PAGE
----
Britain’s Women’s Prize for Fiction has been awarded to a book narrated by a book. American-Canadian author Ruth Ozeki’s fourth novel has the philosophical title The Book of Form and Emptiness, perhaps no surprise from an author who combines writing, teaching and being a Zen Buddhist priest. The teenage protagonist Benny finds the Book when he takes refuge in a public library to escape a difficult home life.
"In the beginning
A book must start somewhere. One brave letter must volunteer to go first, laying itself on the line in an act of faith, from which a word takes heart and follows, drawing a sentence into its wake…"
Ozeki, born to an American father and a Japanese mother, started her career working in film. Her novels are very visual, and she admits she struggles to write with a neutral, omniscient narrator.
“When I started writing this book I thought I would write in a third-person omniscient voice, because that’s the ‘proper’ voice of a novel. But of course, I’ve never been able to do that. I was writing along very happily using that third-person omniscient voice when suddenly Benny interrupted and started to object to the way that the narrator was talking and particularly what the narrator was talking about. The narrator at that point was talking about his parents’ sex lives and Benny was like ‘No, let’s not go there, that’s too much information.’ And that’s when I realised that the narrator of the book was a character and in fact it was the book itself, and the book and Benny are having this dialogue.”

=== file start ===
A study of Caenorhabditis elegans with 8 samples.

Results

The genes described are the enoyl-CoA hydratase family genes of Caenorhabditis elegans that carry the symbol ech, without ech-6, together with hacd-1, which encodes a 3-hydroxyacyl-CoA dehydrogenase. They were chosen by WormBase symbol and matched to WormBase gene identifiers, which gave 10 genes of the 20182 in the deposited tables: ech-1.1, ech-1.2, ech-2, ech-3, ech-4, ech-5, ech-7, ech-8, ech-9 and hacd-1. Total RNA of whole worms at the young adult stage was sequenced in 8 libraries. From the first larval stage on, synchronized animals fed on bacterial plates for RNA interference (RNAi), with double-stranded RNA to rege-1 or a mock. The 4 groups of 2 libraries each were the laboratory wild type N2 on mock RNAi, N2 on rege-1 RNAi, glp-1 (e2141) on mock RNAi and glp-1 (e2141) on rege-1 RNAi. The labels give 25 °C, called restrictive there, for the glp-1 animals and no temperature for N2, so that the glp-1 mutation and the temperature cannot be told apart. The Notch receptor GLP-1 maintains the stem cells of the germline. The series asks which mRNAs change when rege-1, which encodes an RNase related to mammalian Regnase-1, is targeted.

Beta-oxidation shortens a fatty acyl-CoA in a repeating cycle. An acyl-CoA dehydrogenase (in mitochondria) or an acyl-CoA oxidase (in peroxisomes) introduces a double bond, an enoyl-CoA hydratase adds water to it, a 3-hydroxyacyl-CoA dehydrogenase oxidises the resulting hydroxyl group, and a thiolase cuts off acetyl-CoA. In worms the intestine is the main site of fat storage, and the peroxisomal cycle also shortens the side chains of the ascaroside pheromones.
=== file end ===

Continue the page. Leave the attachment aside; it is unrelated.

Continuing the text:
However, the book is not the only thing Benny hears. The 13-year-old’s musician father died a year before and his mother developed a hoarding problem. Benny gradually starts to hear objects speaking to him. He finds relief in the library, where they at least speak in whispers, and where he finds kindred (human) souls. But as the voices become overwhelming, those around him think they could be a sign of mental illness.
You can find an excerpt, an audio sample and a reading guide on Ruth Ozeki’s site and another reading guide on the Women’s Prize site where you can also discover the other long- and short-listed novels.
Ozeki’s novel was chosed from a shortlist of six.
Native American author Erdrich’s novel is set not in a library but a bookshop – a haunted one in Minneapolis, while British-Turkish author Elif Shafak’s novel is narrated by a fig tree in a tavern in conflict-torn Cyprus which witnesses a Romeo and Juliet romance between a Greek Cypriot boy and a Turkish Cypriot girl. Meg Mason and Lisa Allen-Agostini novels feature female protagonists reaching their forties and questioning their marriages, in Agostini's case one marred by domestic abuse in her native Trinidad. Maggie Shipstead's novel, which was also shortlisted for this year's Booker Prize, tells parallel stories of a fictional female aviation hero and the actress playing her in a modern-day film.